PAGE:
25 things vanishing in America, part 2: The shade tree mechanic
I myself did some of these amateur mechanic jobs. One time, I even accomplished a complete engine, electrical harness, and interior transplant. Using just basic mechanic's tools and a rented engine hoist, I transplanted all the elemental systems of a 1972 Buick Skylark in to the abandoned hulk of a 1970 Skylark. It took a good deal of time, but it was simple. Everything just bolted right up.
Times have changed however, and so have our cars and trucks. Gone are the days when you could slide under a vehicle with two wrenches and then slide back out ten minutes later with a starter motor in you hands. Today's motor vehicles are carefully engineered puzzles of sensors, relays, circuits, and space age connectors which demand tools and knowledge not always readily available to Joe average. People I know, who still have the inclination to work on vehicles at home, tell me horror stories about basic engine repairs which are nearly impossible to reach, and tools which they've never before even heard of.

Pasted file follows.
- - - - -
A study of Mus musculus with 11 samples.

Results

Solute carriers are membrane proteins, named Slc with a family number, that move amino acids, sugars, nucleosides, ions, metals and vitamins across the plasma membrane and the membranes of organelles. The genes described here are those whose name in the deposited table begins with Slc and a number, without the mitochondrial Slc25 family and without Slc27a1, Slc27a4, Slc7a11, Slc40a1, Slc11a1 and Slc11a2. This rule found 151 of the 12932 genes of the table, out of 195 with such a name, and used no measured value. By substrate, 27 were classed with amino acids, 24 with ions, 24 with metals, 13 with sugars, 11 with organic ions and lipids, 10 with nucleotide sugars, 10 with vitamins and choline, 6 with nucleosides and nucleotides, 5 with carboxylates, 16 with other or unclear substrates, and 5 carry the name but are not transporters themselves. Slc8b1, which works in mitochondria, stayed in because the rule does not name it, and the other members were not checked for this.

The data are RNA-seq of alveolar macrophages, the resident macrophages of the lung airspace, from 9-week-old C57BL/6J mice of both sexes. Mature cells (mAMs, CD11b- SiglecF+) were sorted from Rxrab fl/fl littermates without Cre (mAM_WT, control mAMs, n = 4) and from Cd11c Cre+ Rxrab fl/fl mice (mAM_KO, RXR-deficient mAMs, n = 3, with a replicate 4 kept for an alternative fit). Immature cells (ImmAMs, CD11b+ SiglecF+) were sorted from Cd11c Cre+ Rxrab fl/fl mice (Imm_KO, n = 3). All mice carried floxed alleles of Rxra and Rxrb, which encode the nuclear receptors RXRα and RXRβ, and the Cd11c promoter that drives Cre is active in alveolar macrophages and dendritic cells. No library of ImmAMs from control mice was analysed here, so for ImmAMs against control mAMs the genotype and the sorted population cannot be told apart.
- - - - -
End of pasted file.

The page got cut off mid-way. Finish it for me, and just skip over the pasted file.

There are multiple reasons for today's vehicle engineering changes. It is up to the individual to decide if these changes are all good. Many, if not most of today's vehicular design dynamics are born of efficiency and emission considerations. Robotic manufacturing processes, shipping constraints, material strength, and profitability all figure into the equation also. However, all of the changes in elemental vehicle ingredients have worked in concert to slowly displace our back yard, shade tree mechanics. In the end analysis, this changeover time has probably not been in the best interest of all the people involved.